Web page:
The most requested thing for dinner around here? Noodles. With butter.

Tuesday, May 13, 2014

Timing makes champions

In the last post I told you that standardized tests aren't a bad thing, and teaching to the test isn't a bad thing if the test is valid and reliable.  Today I'd like to address the problem (as I see it) with the particular standardized test situation in our state.

The problem is timing.  Timing of the test, timing of our bell schedule when it is testing season, and timing of the results- all problems.

We get out of school in June- usually in the third week or so.  But we take the test in May- usually around the first week or so.  This means we have to finish teaching all the state standards about 6 weeks before the end of the school year, and it causes quite a gap from when we are done testing to the end of the school year.  We try to maximize our time and the taxpayers' $$$ by starting the standards for the NEXT year of school so we can hit the ground running in the fall.  My 6th graders will start learning more about integers, measures of central tendency, and what the calculator buttons mean next week when the testing is over and we settle back to regular classes.  It's not a bad idea to do this, but it doesn't always work like we would want it to.  Many of our kids move a lot- they are in and out of school boundaries and district boundaries and there's no guarantee that the students who started the 7th grade standards with me in the spring will actually be enrolled in our school in the fall.  In a perfect world, the standardized testing would occur around the first week in June instead of the first week in May.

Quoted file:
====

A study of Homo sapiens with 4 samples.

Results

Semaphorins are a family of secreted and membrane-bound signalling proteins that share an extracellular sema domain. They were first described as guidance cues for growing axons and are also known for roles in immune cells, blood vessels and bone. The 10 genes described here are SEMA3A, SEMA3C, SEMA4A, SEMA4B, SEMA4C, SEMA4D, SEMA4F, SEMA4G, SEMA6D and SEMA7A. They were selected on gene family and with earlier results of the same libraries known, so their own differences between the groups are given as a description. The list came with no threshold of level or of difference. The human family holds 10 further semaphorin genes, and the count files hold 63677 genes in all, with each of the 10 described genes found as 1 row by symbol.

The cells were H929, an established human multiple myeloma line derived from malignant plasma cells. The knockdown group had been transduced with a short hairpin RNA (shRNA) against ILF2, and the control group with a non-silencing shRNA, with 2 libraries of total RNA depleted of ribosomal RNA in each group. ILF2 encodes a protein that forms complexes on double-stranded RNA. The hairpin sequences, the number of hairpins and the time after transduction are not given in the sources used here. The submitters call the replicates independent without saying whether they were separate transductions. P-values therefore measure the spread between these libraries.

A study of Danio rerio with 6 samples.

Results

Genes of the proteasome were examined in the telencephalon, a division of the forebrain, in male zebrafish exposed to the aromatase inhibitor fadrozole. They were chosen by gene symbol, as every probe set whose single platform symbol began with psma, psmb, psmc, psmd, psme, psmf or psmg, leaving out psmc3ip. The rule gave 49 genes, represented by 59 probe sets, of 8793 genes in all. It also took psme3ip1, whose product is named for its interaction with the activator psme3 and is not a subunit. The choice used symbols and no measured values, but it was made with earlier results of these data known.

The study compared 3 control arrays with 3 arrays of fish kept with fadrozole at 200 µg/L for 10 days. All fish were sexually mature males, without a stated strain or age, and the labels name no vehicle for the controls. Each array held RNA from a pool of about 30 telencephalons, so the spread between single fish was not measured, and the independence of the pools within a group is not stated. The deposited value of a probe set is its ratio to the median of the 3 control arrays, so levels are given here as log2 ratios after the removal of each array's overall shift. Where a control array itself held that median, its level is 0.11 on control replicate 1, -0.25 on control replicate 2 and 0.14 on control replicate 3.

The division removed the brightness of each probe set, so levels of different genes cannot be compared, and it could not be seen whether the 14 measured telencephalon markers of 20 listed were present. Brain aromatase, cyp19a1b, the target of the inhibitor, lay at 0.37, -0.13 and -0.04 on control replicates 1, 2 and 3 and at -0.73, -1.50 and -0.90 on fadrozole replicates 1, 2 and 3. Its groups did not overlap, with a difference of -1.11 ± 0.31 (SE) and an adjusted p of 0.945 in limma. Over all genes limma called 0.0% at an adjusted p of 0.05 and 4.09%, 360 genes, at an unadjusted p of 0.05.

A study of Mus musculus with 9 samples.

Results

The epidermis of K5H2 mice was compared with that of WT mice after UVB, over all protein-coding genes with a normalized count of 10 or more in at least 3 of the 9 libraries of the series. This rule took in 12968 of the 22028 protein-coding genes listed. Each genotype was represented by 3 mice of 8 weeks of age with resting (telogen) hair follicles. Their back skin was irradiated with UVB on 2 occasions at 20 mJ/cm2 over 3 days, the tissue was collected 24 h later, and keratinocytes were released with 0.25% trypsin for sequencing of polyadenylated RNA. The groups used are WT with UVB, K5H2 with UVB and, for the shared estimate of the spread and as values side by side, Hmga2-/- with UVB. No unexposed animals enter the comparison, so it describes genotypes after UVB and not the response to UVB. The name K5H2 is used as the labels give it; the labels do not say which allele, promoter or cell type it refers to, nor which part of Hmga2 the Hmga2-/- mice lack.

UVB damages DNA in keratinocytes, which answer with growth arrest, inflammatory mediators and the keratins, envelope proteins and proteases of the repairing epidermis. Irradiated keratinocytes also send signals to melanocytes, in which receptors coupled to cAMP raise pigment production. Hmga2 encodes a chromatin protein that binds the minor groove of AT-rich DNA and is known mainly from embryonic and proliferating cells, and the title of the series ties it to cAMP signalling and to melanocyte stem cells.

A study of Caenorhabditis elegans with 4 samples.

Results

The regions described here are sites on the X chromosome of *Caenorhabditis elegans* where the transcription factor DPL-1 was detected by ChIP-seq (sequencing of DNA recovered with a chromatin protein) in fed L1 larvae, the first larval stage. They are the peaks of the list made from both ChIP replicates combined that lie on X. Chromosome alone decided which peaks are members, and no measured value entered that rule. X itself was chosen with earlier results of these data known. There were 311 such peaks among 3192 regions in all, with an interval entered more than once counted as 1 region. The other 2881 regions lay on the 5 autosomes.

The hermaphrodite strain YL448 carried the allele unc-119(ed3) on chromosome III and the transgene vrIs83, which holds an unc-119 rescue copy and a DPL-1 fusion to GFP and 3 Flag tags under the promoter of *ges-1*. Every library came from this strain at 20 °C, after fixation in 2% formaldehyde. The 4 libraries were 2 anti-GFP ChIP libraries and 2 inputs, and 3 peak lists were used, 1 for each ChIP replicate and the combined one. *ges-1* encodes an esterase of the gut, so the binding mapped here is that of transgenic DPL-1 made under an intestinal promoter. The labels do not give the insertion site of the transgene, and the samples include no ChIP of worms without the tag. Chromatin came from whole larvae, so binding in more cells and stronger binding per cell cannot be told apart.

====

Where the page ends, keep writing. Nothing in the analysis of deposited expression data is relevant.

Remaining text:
Changing our regular bell schedule to accommodate the testing also is a matter of timing.  In the past, we could just have the kids sit down with the paper and pencil tests and all take the tests at once.  But most of the tests are on computer now and we don't have a one-to-one student-to-machine correspondence at our building.  This means we have to take turns and do the test in shifts.  This takes two weeks of our schedule.  We still see all our students each day, but the class periods are short and it's tough to convince a 6th grader that they ought to keep doing homework when they have already taken the BIG TEST.  I've been showing math movies.  A good use of time, but two weeks is a bit much.

The last issue is with the timing of the results.  We take the tests in May but the results are not published until late August.  There is no way for a school to use the results to celebrate the successes or provide support for those who didn't pass.  It's not easy to track down my former students in the building in September and say, "Hey- you passed!  Great job!"  The 8th graders have moved on to high school, the incoming 6th graders are all new to everything, it's very anti-climactic and quite a let-down.  Also, I only know scores, I do not know which questions were problematic to my students.  Very hard to make plans for the next year, very hard to try to improve my teaching with so little to go on.  It is not an encouraging situation for teacher or student.  The weird thing is, they take most of the tests on a computer- certainly the results could be tabulated and sent to us much sooner than August.  Sigh.

So the next time you hear in the national news that a teacher has quit because of standardized testing, pay attention to the reasons they give.  Check and see if they are just spouting the same old stuff about teaching to the test, or if they have really given the issue some serious thought.